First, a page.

We had one day of non-westerly winds to clear out of St Petersburg across the shallow Nevskaya Guba, through the storm surge barrier at Kotlin Island and onwards. The wind was light and fickle for most of the day and necessitated repeated deployments of the spinnaker in various configurations.
Then after a prolonged calm the wind strengthened from the south and we made it to Bukta Dubkovaya.
Bukta Dubkovaya is a modern leisure development with a harbour and a number of holiday chalets styled “Norway Park” set in an attractive bay surrounded by pine forest. We spent two nights there, walking along the beaches, relaxing and enjoying the quiet after St Petersburg.
The staff were very friendly and we exchanged gifts before departure. We received ours in a bag celebrating Putin’s airborne troop deployments – “Nobody but Putin!”
From Bukta Dubkovaya we had an easy sail to the town of Primorsk.
The harbour has new pontoons and we learnt that some boat owners from St Petersburg are keeping their boats here as it is cheaper.
A friendly local told us we were the first foreign boat to visit. Surely not true, but a rare-enough event for someone to summon a posse of border control people to study our papers at length and ask us why we were here.
A notable landmark is the Finnish Lutheran church of 1904. Once it had a thriving congregation and a magnificent organ. Now it has apartments in an upper floor and a museum of ‘local lore’ on the ground floor, which we visited. Much of the museum is given over to the various military actions that had taken place, although there were some old Finnish newspaper reports.
There were lots of supermarkets with a good supply of basics and shelves of alcohol.
Nearby is Russia’s largest oil exporting terminal, replacing the one at Ventspils in now independent Latvia.
From Primorsk we had an excellent 29nm sail to Vyborg (pronounced Veeborg). The first part was up the beautiful wooded Primorsk channel in a light but good breeze.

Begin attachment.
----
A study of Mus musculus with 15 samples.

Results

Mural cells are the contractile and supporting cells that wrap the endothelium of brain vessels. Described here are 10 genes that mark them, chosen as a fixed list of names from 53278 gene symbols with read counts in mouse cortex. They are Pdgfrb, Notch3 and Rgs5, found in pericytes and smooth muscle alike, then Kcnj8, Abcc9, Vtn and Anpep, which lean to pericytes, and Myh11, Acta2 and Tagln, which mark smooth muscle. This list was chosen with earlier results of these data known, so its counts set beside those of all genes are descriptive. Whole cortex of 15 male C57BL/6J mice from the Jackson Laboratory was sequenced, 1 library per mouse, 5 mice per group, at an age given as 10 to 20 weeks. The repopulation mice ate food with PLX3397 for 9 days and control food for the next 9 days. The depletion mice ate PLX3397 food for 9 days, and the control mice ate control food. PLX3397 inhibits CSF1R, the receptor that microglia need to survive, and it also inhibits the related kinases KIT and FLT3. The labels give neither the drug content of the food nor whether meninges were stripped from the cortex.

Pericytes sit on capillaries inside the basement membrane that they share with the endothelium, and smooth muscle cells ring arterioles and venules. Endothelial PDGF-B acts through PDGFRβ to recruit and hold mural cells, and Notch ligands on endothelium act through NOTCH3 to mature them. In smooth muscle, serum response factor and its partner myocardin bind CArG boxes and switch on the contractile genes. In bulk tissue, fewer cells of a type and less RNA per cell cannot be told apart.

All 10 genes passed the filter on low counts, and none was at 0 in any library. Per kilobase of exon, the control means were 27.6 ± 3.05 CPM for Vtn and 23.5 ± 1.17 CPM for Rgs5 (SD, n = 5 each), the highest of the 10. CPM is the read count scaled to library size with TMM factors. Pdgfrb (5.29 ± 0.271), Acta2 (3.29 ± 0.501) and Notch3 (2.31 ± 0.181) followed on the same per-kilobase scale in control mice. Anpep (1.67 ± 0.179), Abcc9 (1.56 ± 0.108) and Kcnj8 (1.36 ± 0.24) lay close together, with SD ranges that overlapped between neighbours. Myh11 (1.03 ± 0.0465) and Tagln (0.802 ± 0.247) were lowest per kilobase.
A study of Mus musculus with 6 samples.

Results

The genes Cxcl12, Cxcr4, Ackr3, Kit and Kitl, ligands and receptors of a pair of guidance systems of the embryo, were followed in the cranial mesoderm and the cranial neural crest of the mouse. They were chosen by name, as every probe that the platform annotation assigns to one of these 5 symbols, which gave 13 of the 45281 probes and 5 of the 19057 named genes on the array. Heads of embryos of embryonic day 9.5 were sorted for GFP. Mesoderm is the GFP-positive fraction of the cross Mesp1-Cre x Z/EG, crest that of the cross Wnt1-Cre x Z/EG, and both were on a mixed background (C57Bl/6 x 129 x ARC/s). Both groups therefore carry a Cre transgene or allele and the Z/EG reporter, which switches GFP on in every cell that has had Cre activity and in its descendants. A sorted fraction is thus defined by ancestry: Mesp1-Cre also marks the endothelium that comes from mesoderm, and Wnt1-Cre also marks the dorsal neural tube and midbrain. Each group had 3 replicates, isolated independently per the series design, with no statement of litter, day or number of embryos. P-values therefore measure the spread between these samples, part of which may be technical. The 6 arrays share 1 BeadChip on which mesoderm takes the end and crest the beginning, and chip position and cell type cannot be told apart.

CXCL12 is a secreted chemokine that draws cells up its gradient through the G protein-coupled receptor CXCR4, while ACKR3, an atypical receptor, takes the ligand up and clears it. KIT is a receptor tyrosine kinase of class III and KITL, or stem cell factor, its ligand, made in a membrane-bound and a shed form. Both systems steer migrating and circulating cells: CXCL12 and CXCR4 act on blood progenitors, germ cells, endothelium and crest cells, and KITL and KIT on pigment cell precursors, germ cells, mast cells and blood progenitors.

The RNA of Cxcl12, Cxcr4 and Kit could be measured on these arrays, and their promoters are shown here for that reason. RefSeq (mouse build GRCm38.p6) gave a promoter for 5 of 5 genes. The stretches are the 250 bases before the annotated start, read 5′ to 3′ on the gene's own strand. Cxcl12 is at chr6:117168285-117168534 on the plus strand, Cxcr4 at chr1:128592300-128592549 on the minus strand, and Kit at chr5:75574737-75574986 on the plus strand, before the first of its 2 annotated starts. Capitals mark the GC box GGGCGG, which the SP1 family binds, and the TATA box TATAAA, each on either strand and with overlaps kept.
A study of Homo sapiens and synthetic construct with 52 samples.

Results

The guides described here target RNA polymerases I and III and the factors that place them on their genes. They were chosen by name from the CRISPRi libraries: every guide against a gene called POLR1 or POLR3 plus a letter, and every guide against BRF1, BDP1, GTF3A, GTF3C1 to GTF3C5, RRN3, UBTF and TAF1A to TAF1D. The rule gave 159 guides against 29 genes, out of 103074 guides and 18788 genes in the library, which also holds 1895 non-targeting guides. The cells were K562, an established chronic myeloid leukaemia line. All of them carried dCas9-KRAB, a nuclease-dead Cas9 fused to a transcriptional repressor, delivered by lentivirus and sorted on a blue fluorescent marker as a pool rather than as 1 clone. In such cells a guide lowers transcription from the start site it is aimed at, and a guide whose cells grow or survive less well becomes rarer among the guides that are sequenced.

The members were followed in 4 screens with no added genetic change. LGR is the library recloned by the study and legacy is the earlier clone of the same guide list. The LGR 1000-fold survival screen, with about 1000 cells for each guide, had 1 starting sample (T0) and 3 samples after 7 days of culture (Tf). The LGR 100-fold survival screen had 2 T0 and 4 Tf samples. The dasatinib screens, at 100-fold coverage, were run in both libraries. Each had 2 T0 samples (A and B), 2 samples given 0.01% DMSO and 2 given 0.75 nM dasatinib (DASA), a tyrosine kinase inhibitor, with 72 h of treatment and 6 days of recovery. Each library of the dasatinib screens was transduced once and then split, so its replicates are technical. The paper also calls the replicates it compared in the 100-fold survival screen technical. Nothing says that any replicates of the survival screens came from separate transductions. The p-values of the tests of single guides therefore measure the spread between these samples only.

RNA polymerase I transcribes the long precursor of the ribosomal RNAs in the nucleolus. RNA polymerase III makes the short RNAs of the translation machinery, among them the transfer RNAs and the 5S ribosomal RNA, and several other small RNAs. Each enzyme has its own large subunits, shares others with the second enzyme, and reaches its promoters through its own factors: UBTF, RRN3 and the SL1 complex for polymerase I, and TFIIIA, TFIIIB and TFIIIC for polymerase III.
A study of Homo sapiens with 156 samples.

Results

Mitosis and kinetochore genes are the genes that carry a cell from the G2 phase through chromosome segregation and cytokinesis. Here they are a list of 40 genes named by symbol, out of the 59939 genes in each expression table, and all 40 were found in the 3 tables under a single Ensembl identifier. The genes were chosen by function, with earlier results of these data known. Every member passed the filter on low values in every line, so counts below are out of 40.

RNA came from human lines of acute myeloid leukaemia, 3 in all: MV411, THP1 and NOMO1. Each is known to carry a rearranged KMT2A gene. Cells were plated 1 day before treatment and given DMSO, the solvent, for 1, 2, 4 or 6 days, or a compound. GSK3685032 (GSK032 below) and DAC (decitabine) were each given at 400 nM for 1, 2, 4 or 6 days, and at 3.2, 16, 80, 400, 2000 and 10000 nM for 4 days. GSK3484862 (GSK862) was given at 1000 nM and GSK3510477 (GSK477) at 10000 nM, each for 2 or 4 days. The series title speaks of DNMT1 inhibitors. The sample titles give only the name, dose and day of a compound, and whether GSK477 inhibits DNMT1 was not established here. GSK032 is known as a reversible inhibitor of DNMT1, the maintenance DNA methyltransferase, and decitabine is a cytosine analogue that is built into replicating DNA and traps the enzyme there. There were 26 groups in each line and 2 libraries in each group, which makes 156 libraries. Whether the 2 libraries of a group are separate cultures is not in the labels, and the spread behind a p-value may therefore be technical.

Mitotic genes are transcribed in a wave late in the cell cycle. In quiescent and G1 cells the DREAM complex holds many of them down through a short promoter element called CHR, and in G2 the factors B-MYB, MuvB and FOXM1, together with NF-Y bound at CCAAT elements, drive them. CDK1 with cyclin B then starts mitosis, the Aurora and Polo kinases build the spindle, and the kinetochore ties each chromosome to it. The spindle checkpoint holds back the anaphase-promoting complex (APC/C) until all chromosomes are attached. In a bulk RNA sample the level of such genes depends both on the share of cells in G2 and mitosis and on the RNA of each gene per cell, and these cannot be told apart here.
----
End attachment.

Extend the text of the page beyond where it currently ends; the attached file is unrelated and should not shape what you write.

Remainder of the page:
Then we rounded Vikhrehov Island for the narrow twisting and turning channel between Krepysh and Vysotskiy islands and onwards to Vyborg.
Here we had thunder showers and hail. It was still only 6°C and this in June! (We hear it is 27°C in Southern England and Ynskje is feeling very envious.)
In Vyborg we berthed close to the ancient castle at the berths on the left in this aerial photo. The castle and the clock tower are the most striking features but both were shrouded for restoration during our visit. Vyborg is the second Russian city on the Baltic coast. It first became Russian when Peter the Great drove out the Swedes in the Great Northern War in 1710. A century later it became Finnish until it was held briefly by the Russians 1939-1943. Finally, Finland ceded it to Russia in 1947.
The Finnish heritage is everywhere, with many fine Art Nouveau buildings. In its day it must have been a jewel of a city. After the Soviets took over, they eliminated any remaining Fins and badly neglected the buildings. Now restoration is underway – a slow work in progress. In the central area there are whole rows of buildings still derelict, probably as they were at the end of the Russian-Finnish war, while others are gradually being restored.
We loved the surprisingly modern-looking library, designed by the Finnish architect Alvar Aalto in 1935. It features 57 cone-shaped openings in the roof, giving the reading areas a good diffused light.
From Vyborg we will enter the Saimaa canal and cross into Finland. More news from there.